Monday, June 20, 2011

Musical Romance Without Vampires

Just finished watching the Korean drama I Am Legend yesterday, which not only has nothing to do with vampires, but turns out to be sort of the exception which proves the rule with Korean drama. I think I had mentioned before that the shows function mainly on strong writing that overshadows all the other elements.

I Am Legend was written well enough, but what really carried the show was the performance by lead actress Kim Jung Eun. She plays Jeon Seol Hee, a former wild child in high school who is currently trapped in a loveless marriage with a high-powered attorney from a rich family. They got married after she accidentally got pregnant, and after a miscarriage, her husband and mother-in-law never forgave her. They treat her with utter contempt, and she suspects her husband is having an affair with another attorney at work. Seol Hee spends most of her time feeling isolated and miserable.

There is only one bright spot in her life. She still rehearses with her high-school garage band, rocking out wherever they can manage to find a practice space. They don't perform in public--her husband's family would never allow it, for one thing--but she likes to imagine them playing for adoring crowds.

But when her sister is diagnosed with leukemia and her husband and mother-in-law forbid her from donating marrow to save her sister's life, it's the last straw. Seol Hee moves out and asks for a divorce. It seems at first as if this will be a drama mainly about Seol Hee finding a new life with her band and new love with another musician, but it doesn't quite work that way.

The divorce plot ends up eating about half the series before it's completely resolved, but instead of clearing the decks for the band's story to really take center stage (to mix some metaphors), it merely makes way for a completely unrelated legal case to start up, as Seol Hee takes a job with the lawyer who helped her with her divorce. The second half of the series splits time between the band and the legal case. Seol Hee is like a Korean Erin Brockovich, if she had also been Belinda Carlisle of the Go-Go's in her spare time.

So the writing ends up being pretty much all over the place, and though there are some really good moments, the story overall kind of disappoints. Two things really make the series memorable: the music (the women playing the band members are all musicians and have continued to play as the fictional band even after the series ended, sort of like The Monkees) and the performance by Kim Jung Eun.

What really sells her performance is her eyes. In scenes where she is confronted with a crisis, she gets the crazy eyes.

It's hard to describe or capture in a single frame, but it happens over and over again: she faces some kind of adversity and is ready to give up, go along just to get along, until someone decides to push her just a little too far. Then her eyes flash with this almost desperate energy, and the next thing you know, she's fighting back, hard, whether it's in the divorce against her husband, or in a bar fight against a couple of drunken thugs messing with one of her friends. She even gets much the same look when their first public gigs with the band don't go the way they'd hoped.

And then about two thirds of the way through, the band has one of their first major gigs at a music festival, where they debut their signature song, "Comeback Madonna." The lyrics in the bridge are about pushing forward in life and love, knowing that you are worth the effort. And the first time she sings it, she's singing to the man who helped her write the song, her new love interest who is serving as the band's unofficial mentor. Her eyes are full of affection, and it's a nice moment.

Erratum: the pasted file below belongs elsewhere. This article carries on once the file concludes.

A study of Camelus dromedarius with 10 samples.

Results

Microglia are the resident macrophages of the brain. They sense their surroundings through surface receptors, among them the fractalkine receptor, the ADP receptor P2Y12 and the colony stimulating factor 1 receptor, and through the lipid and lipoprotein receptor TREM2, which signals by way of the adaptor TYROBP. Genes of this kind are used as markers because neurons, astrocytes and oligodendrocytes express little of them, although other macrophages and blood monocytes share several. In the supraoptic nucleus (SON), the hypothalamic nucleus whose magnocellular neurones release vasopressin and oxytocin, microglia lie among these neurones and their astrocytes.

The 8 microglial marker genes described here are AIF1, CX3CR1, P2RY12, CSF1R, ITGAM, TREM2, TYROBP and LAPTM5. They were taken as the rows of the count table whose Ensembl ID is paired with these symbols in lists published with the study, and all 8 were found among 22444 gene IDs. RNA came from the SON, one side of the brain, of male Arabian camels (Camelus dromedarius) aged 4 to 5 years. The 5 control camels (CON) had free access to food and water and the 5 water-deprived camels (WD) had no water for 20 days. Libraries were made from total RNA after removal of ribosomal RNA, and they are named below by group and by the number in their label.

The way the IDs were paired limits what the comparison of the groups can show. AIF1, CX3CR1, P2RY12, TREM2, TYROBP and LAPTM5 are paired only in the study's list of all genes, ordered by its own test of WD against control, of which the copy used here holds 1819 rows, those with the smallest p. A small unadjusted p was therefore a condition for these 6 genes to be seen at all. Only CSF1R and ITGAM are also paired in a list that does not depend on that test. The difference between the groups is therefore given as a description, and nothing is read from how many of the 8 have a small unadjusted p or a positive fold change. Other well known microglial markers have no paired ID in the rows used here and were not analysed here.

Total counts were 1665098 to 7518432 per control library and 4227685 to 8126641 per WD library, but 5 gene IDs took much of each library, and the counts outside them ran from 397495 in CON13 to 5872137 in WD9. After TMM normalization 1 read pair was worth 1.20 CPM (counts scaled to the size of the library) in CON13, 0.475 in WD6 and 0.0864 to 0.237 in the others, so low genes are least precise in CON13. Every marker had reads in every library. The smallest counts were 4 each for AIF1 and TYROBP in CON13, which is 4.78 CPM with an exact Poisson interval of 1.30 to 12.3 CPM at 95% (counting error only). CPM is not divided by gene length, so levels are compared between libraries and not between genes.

But then they hit the instrumental break, and she sees her evil mother-in-law standing in the audience. One of the big issues during the divorce was the husband's family trying to keep her from performing in public, to keep from being an embarrassment to her husband, who had political ambitions. So needless to say, Mom-in-Law has never shown up to a gig before, and isn't there to be loving and supportive.

As Seol Hee notices the evil old woman glaring at her from the audience, she falters and her hands fall away from the keyboard (although the piano on the soundtrack keeps playing--a sad technical glitch distracting from such a dramatic moment). But then she gets that flash in her eyes again, and when she resumes the bridge, she's singing to her former mother-in-law with defiant joy (which once again was hard to capture in a single frame, but I did my best).

It's a brilliant moment, and I almost wish the series had ended there, because it never quite got that good again afterward.

Another scene that I wish I had screencapped when I first saw it because I can't find again without practically watching the series over featured an incredibly subtle performance by Kim Seung Soo as her ex-husband. There's a scene where the attorney he's having the affair with proposes that they take their relationship public after the divorce (an impossible prospect, since she is divorced with a child, unsuitable for a man with ambitions for a political career).

Kim Seung Soo plays his role in the mold of other stone-faced Asian men, playing most of his scenes very cool and neutral. So as the other woman makes her proposal, his expression remains almost unchanged; I could screencap the first and last frames of the shot, and you would be hard-pressed to spot the difference. Yet you can see in a miniscule twitch around his eyes and mouth how the wall slams down emotionally between the two in the matter of a second. It's a really well-played scene.